I’ve been asked why I do not go into as much detail for some of the articles like I used to do.

In some cases it’s because I’ve pretty much said what was needed. Take climate change (please!). It pretty much boils down to a “consensus” over a spreadsheet that hasn’t been dependable in two decades. Finally certain authorities decide to goose the figures to make the spreadsheet work better.

This is old news. I’ve been writing and talking about it for years. This isn’t the first or seventh time the numbers have been massaged. The point is I wrote about it several times. I’ve yet to see any of the climate change crowd talk about any of the points I made. Or indeed offer any proof for the theory. Practically every story I see about climate change is the same one, just with a slightly different emphasis. They still want money, they still want power, and they don’t want you looking too closely at what they are doing.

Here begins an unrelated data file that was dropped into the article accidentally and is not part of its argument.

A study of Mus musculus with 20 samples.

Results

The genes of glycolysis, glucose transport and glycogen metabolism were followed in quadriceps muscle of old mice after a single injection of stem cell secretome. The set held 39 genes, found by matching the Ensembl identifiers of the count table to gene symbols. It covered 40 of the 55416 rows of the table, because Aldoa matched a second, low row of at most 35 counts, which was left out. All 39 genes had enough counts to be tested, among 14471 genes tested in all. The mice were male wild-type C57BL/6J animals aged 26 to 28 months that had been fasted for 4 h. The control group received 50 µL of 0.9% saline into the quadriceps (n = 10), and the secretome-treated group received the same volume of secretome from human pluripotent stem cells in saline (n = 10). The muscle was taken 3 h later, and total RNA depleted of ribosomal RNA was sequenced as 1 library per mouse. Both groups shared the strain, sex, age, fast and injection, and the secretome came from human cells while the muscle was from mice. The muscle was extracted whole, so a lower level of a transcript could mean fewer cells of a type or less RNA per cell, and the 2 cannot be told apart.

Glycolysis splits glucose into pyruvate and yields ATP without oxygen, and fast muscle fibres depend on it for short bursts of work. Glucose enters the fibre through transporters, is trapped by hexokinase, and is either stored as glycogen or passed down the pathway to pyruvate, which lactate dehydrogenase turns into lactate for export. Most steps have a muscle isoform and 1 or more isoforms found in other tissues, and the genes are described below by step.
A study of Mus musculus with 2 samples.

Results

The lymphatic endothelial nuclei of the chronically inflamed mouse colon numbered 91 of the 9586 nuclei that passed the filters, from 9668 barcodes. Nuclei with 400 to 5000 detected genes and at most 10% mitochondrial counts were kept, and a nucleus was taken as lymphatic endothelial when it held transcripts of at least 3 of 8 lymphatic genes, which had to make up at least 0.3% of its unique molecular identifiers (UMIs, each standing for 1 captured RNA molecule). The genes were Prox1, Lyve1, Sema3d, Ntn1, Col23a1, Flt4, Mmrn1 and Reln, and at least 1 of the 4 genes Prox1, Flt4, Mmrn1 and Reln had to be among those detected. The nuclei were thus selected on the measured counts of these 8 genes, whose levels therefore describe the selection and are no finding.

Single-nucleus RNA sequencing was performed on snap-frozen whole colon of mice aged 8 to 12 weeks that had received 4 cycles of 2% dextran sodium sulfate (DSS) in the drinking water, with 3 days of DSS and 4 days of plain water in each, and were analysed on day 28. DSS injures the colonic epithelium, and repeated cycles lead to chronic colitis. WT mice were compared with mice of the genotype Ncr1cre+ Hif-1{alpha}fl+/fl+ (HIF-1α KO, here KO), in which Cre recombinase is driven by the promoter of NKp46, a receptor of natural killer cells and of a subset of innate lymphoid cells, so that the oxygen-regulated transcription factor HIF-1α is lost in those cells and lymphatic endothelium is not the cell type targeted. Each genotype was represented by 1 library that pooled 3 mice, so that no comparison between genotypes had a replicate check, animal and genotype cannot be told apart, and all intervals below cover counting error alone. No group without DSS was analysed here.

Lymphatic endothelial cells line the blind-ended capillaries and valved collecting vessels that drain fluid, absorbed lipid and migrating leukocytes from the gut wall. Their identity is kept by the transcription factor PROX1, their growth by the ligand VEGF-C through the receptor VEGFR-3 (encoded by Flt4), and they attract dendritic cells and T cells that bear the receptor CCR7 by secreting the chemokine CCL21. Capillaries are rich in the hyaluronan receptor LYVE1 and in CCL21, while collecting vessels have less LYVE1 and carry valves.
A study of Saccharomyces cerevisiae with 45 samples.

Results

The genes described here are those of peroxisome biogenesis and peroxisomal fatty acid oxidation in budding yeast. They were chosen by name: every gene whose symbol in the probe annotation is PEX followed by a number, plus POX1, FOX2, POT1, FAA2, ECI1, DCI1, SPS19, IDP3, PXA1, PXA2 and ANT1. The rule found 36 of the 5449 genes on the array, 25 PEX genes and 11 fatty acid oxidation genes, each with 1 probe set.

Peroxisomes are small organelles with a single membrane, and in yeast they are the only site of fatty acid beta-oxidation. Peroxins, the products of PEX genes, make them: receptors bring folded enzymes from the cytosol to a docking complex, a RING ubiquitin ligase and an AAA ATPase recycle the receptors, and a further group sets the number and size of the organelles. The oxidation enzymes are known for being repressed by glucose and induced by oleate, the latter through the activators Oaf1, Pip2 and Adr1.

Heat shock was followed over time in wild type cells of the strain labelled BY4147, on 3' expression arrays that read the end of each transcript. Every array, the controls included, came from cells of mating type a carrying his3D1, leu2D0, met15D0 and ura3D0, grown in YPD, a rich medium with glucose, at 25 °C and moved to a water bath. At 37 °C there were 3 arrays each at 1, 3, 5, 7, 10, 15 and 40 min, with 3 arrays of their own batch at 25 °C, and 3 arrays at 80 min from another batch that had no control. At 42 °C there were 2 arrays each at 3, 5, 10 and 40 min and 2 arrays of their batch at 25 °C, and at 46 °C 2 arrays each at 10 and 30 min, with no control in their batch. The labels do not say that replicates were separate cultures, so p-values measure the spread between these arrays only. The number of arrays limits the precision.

And by the way, you’re not allowed to dissent.

See, I’ve written the articles about certain topics again and again. Sometimes I think I should set up a master index. Then I can just say “№ 4391” and save myself a lot of typing.

There is another reason. For the past five years and some odd months I’ve really tried to take Zed Shaw’s essay The Master, The Expert, The Programmer to heart. Simply put, the expert wows you with complications and the master can adapt and do more with less. It may not be flashy, but it can do more.

Even before Twitter, our culture was moving that way. They used to say that news was all about the soundbite. Now it’s all about the headline. If I can give you the core idea in one burst rather than seventeen paragraphs, a funny graphic, and a sound effect, then I’ve done my job.

So much of my blogging is in soundbites these days.